Montreal Canadiens Prospect Blake Geoffrion Suffers Serious Head Injury
Under the glare of a brand new $700,000 lighting system at the Bell Centre, 24 year old Hamilton Bulldogs Center Blake Geoffrion sustained a fractured skull in Friday’s AHL game which the Bulldogs lost to the Syracuse Crunch 4-1. The incident cast a very dim light on the first hockey game at the Habs’ home arena since April 7th in front of 18,582 hockey starved Montreal spectators.
As Geoffrion raced down the left wing boards, he was upended with a clean check by Syracuse defenseman Jean-Philippe Cote. The hit sent Geoffrion flying, landing hard on the ice surface. At first, his injury did not appear very severe, as Geoffrion returned to his feet and skated off the ice. But as the night progressed, the news about his injury worsened.
The Montreal Canadiens issued a press release stating Geoffrion underwent successful surgery for a depressed skull fracture and was in stable condition. After the surgery, he remained in the intensive care unit at the hospital and is expected to fully recover.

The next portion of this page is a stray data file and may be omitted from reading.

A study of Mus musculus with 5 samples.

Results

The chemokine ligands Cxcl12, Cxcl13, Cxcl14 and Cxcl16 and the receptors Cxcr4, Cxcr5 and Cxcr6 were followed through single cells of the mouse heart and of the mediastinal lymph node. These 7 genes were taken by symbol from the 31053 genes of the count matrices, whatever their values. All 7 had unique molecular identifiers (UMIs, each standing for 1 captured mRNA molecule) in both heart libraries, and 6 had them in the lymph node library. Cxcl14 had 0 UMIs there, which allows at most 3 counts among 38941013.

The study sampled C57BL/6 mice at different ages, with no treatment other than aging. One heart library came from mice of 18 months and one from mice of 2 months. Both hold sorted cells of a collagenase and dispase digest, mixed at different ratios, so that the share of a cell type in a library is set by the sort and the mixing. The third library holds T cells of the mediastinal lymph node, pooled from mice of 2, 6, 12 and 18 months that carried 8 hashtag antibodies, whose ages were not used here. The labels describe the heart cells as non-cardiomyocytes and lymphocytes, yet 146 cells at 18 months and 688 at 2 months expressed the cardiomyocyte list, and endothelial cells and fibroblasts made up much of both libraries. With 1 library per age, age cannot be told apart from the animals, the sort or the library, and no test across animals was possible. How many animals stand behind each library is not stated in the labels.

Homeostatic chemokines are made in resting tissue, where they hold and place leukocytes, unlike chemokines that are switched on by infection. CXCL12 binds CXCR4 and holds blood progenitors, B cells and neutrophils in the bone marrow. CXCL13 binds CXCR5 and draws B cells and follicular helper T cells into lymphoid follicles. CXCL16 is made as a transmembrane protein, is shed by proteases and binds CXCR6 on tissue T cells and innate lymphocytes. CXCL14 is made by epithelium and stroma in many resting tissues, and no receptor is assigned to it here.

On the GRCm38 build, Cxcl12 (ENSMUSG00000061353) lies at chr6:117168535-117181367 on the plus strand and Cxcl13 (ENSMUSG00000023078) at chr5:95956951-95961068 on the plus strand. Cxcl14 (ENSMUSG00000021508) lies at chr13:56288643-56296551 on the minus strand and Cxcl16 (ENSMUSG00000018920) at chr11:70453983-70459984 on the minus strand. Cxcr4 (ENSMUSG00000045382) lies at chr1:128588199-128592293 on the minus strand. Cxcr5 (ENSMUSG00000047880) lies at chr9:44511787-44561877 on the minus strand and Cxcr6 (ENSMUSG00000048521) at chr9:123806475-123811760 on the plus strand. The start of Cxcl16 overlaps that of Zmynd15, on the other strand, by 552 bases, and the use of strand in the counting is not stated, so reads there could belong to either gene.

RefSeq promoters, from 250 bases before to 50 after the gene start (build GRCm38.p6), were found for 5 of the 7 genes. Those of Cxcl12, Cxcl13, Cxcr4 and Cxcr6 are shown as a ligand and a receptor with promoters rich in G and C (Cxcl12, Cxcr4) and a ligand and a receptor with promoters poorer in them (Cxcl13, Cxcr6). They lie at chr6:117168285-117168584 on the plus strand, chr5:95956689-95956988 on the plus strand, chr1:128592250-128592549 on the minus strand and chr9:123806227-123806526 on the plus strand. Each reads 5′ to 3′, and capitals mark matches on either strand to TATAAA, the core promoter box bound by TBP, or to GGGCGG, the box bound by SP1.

Geoffrion comes from a long line of hockey royalty, as he is the first fourth generation player in the history of the NHL. His great-grandfather is Hall of Famer Howie Morenz and his grandfather, Bernie ‘Boom-Boo’ Geoffrion was also a Hall of Famer who is credited for inventing the slapshot. His father, Dan Geoffrion, also played in the NHL. Geoffrion wears number 57, in honor of his grand father (#5) and his great-grandfather (#7).
In two NHL seasons with the Canadiens and Predators, the offspring has played in 55 NHL games, scoring eight goals and amassing thirteen points. In ten games with the AHL Hamilton Bulldogs this season, he has four goals and two assists. Geoffrion was acquired by the Habs from the Nashville Predators, along with Robert Slaney and a 2012 second round draft pick, in exchange for veteran defenseman Hal Gill and a conditional 2013 fifth round pick.
As the NHL lockout continues to drag on, league owners lament about the financial risks involved in owning a hockey team. The severity of the injury to Geoffrion once again proves who the real risk takers are in a high speed and high impact collision filled game.